The convenience store industry is going back to university to help it embrace innovation and prepare for the future.
The overall winner will receive a cash prize of $5000 while the second and third placed contestants will get $2500 and $1500 respectively.
AACS executive director Jeff Rogut tells StartupSmart that the competition plays an important role in linking universities with operators to drive innovation in the industry.
“Our sector tends to move at a slower pace than our counterparts in other countries,” he says.
The competition, now in its third year, will see students search the world for ways to enhance the convenience experience in Australia.
“It’s designed to get some innovative ideas from people not connected directly with our industry,” he says.
Rogut, a strong advocate for industry-university engagement, says the competition helps operators consider “fresh ideas” to overcome growth barriers like government regulation and high labour costs.
He says it also generates outside-the-box solutions for the convenience sector to think about as it adapts to various changes.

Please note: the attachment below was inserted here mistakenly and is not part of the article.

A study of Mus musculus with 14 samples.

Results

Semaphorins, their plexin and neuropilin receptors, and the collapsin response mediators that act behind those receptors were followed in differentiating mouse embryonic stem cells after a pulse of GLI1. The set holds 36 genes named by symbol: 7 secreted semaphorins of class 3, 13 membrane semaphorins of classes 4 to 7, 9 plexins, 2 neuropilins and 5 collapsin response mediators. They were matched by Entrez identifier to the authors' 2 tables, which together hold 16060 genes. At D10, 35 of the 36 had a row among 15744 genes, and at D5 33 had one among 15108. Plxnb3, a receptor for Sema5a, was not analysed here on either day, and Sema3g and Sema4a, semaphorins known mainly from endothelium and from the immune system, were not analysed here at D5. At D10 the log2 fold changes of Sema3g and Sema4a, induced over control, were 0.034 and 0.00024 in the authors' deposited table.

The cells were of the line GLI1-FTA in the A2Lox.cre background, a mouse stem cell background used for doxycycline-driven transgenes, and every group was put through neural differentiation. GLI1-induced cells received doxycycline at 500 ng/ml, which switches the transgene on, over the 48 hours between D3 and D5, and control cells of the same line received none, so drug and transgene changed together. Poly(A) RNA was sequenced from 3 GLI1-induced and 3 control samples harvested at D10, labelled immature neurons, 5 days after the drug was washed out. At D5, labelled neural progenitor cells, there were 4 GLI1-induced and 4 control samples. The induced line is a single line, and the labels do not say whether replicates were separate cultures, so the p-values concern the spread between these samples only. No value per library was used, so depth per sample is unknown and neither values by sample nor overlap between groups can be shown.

“For example, tobacco accounts for about 25% of profitability and with increasing health awareness, the industry needs to address this in the long-term,” he says.
Some of the most innovative ideas Rogut has seen include getting convenience stores to accept bitcoin and install 3D printers so people can walk in and use them.
“They are non-traditional ideas that strike resonance with operators,” he says.
In this year’s challenge themed “inspiring change”, applicants are asked the following question:
“Drawing on local and overseas examples, what innovation/s should be applied in our market to enhance the convenience experience, to meet future needs and to increase profitable sales?”
Applicants can apply by submitting a 2000-word essay or 15 PowerPoint slides through their tertiary education provider.
Rogut encourages applicants to think about ideas that can change the way convenience stores operate from a customer point of view.
“Be as creative as possible and don’t be encumbered by current thinking or practices,” he says.
Select finalists will have the opportunity to present their ideas to a panel of judges comprising representatives of some of the country’s largest convenience chains.
In previous years this has included 7-Eleven head of marketing Julie Laycock and Caltex Australia merchandise and marketing manager Karim Sumar.
In addition to prize money, winners receive publicity and exposure to high level networks and future career opportunities.
“It’s an opportunity to be recognised by the industry and it puts students in front of real life operators,” Rogut says.